The BLG Blog

Posts & articles that have helped thousands build performance through pragmatic leadership.

Should I Stay or Should I Go?

It’s never easy to say goodbye. The graceful and perfectly timed exit is an act mostly reserved for movie screens and potboiler novels. In the real world, most of us are pushed out the door many hours, days and years after we should have left by our own accord. Leaders can be especially susceptible to this most awkward of foibles.

Even if you’ve done a perfectly fine job, there comes a time when you have to cede your position to someone younger and more energetic. It’s not so much that you have failed, but that you risk tarnishing your many successful years of service with a few less than stellar years of mediocrity or worse: out and out failure.

The list of business and political leaders who have overstayed their welcome goes on for miles (Tony Blair, Fidel Castro, Hosni Mubarak, AIG’s Maurice Greenberg, Bear Stearn’s James Cayne, etc.) Yet there is one industry where we get to see leaders go from heroes to goats quicker than any other: Professional Athletics. A political or business leader might make a bad decision which leads to a problem or disaster a few months down the road, but when a 42 year old Willie Mays stumbles trying to catch routine fly balls during a nationally televised World Series game that a 23 year old Mays used to chase down effortlessly, the world gets to see his fall from grace in real time.

Recently most sports fans had the misfortune of watching Brett Favre stay a few years too long at the party. In Favre’s case his denouement came as a result of a devastating, concussion-inducing and most likely life-shortening sack. This brutal exit is an over-the-top example of why all leaders must know when to say when. Yet it’s important to understand that very few careers end with such violent exclamation points.

In the past few days the New York Yankees’ Jorge Posada has been facing this very conundrum. After 16 amazing seasons (including 5 All-Star Game appearances, 5 Silver Slugger Awards and 4 World Championships) Jorge has nothing left to prove, he is a champion and according to most reports a gentleman’s gentleman. Unfortunatly his 17th season has started horribly. His .165 batting average is the lowest in the league and this past weekend he actually removed himself from the starting line-up because he was slotted to hit 9th, which in baseball circles is a slap in the face to anyone of Posada’s pedigree.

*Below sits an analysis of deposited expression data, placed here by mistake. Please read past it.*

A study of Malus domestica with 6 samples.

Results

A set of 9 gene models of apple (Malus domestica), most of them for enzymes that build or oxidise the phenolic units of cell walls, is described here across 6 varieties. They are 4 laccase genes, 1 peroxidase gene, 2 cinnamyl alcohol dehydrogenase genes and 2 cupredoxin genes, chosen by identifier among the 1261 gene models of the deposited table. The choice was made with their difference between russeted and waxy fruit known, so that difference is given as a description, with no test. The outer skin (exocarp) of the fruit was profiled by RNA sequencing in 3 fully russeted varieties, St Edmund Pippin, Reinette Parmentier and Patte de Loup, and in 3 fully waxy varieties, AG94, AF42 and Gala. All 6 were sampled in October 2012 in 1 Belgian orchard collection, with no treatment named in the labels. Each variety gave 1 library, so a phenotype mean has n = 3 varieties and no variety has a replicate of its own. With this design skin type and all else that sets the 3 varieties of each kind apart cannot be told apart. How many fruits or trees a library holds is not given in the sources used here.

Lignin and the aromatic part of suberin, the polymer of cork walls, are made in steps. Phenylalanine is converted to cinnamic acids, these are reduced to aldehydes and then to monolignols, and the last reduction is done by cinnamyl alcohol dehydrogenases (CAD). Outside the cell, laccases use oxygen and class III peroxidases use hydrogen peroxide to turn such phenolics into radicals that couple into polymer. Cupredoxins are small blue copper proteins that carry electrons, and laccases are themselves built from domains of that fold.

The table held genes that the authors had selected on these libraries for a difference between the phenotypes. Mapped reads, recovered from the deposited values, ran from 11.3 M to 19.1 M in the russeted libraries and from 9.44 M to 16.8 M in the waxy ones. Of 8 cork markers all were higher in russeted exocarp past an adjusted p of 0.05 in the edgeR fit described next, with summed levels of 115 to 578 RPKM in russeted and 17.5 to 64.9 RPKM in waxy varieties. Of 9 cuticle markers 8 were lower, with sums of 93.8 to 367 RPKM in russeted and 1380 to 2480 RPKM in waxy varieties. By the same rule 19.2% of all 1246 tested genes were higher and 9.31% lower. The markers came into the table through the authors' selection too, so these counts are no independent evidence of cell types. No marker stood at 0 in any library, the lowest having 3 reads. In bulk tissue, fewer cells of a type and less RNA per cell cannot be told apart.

As I write, Posada is still soldering on but I can only imagine what is going through his mind. It’s moments like these where a leader is forced to make a decision that can affect not only how they are seen for years to come, but also the future success and/or failure of their organization. I do not envy Jorge Posada’s fast approaching choice. Despite all the difficulties and embarrassment of the past weekend, Jorge Posada still has the chance to walk away near the top and not only sustain his legacy but also give the current Yankee team a chance to succeed in the present and the future.

The bottom line is that proactive leadership is not only about getting things done; it’s also about sustainable and lasting success. And not just your own success but also about the success of those you lead. A true proactive leader is in many ways self-less. They know it’s not all about them. They want the best for those they lead and will do what it takes to guarantee a high level of future achievement.